Breast Awareness – For Women, AND Men

Breast Awareness For Women, AND Men

Breast Awareness

Being Breast Aware

What Should I Look for When I Check My Breasts ?

Basic Technique

Breast Picture Gallery (coming soon)

Being Breast Aware

It’s sensible for all men, and women, to be breast aware and know the technique for breast self examination (BSE). 

  • WOMEN, and MEN, should check their breasts using the same technique.

  • Partners can check each other’s breasts.

You may be shown other techniques but they all aim to check your vulnerable areas.

  • You should know the look, shape and texture of your breasts.

  • Breast cancer affects 1 woman in 12 in the UK.

  • It’s rare for men, but not unknown.

  • 9 out of 10 lumps found, are not malignant – ie. they are benign/non-cancerous – so, if you find a lump, let a qualified medical practitioner check it out.

  • Either visit your GP or go to a Family Planning/Well Woman Clinic.

In the UK, women aged 50 to 65 are automatically invited for free mammography (special breast X-ray) every 3 years. 

What Should I Look for When I Check My Breasts ?

When you make breast awareness part of your routine health care, the stress of regular checking is reduced. 

Check for any:

  • Changes to the usual look or feel of your breasts.

  • Change to your nipple(s) and any discharge or secretion from them.

  • Change in the direction your nipple(s) point.

  • Puckering or swelling of your breast skin. 

  • Bulges in your breast contour.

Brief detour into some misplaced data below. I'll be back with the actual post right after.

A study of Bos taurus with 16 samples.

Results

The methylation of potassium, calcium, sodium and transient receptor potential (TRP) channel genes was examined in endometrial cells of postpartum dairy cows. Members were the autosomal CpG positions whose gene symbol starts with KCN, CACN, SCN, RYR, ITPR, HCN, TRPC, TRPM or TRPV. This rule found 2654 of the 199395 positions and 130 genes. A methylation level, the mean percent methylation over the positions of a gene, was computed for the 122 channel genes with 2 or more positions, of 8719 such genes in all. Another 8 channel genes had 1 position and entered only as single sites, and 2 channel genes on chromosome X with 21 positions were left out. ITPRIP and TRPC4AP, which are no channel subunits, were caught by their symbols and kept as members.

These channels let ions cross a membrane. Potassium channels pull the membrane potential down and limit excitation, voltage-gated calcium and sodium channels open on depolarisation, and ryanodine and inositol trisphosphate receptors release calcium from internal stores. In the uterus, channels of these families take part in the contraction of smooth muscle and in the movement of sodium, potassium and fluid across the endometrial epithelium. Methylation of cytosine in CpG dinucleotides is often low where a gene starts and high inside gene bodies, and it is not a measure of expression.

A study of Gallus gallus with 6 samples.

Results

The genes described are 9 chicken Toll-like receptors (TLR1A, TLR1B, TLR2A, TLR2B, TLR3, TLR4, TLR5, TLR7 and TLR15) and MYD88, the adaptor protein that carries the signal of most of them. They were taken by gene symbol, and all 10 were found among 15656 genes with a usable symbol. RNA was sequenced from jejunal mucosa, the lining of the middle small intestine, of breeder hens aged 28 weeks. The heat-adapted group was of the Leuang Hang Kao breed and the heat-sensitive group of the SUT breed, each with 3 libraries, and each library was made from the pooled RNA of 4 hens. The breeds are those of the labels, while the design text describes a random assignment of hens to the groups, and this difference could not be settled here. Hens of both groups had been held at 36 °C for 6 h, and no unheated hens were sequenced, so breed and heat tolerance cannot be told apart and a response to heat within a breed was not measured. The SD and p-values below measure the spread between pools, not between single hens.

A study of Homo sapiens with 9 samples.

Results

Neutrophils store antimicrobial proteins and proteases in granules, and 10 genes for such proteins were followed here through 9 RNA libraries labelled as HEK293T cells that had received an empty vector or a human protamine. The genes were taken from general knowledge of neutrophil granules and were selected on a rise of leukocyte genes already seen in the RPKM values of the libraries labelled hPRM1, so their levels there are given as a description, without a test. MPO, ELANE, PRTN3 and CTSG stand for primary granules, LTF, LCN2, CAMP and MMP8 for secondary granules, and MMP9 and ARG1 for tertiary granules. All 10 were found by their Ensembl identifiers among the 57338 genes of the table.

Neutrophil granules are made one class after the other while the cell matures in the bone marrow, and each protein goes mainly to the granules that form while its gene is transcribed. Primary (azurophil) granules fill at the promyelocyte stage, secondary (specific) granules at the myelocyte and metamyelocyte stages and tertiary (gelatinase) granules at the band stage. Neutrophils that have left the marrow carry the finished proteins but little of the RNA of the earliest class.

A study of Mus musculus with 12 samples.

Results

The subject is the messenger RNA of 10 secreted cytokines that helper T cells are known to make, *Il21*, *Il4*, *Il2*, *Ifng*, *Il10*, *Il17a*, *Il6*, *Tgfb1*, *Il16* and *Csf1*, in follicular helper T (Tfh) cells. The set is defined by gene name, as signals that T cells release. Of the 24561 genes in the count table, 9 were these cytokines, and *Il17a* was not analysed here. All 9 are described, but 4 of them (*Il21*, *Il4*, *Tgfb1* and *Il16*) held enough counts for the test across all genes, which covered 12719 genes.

• ‘Orange peel’ skin, dimpling or tethering – ie. as if something is stuck to the inside of it.

  • Swelling of your upper arm or armpit. 

Basic Technique

Looking at yourself in the mirror: 

  • Stand upright, then lean forwards, then

  • Tilt sideways with your arms by your sides.

  • Place your hands on your head – to stretch the breast tissue – and repeat looking, moving and checking as before.

  • Place your hands on your hips and repeat viewing, move and check again, as before.

Then, wherever you’re most comfortable and relaxed – eg. in the bath or lying on the bed:

  • Stretch one arm behind your head.

  • Feel, with the flat of your other hand, your opposite breast firmly but gently.

  • Start by squeezing your nipple and look to see whether any fluid comes out.

  • Feel in a Catherine wheel (circular) motion around your nipple area with your hand, round and round the breast area and up into your armpit.

Throughout this time, be aware of the lumps you are feeling. You will find lumps the first time you check, because your breasts are made up of many glands, surrounded by fat.

  • These lumps and bumps form a base line from which you can notice any changes.

If you’re in any doubt, ask a qualified medical practitioner, Family Planning/Well Woman Clinic to check them for you.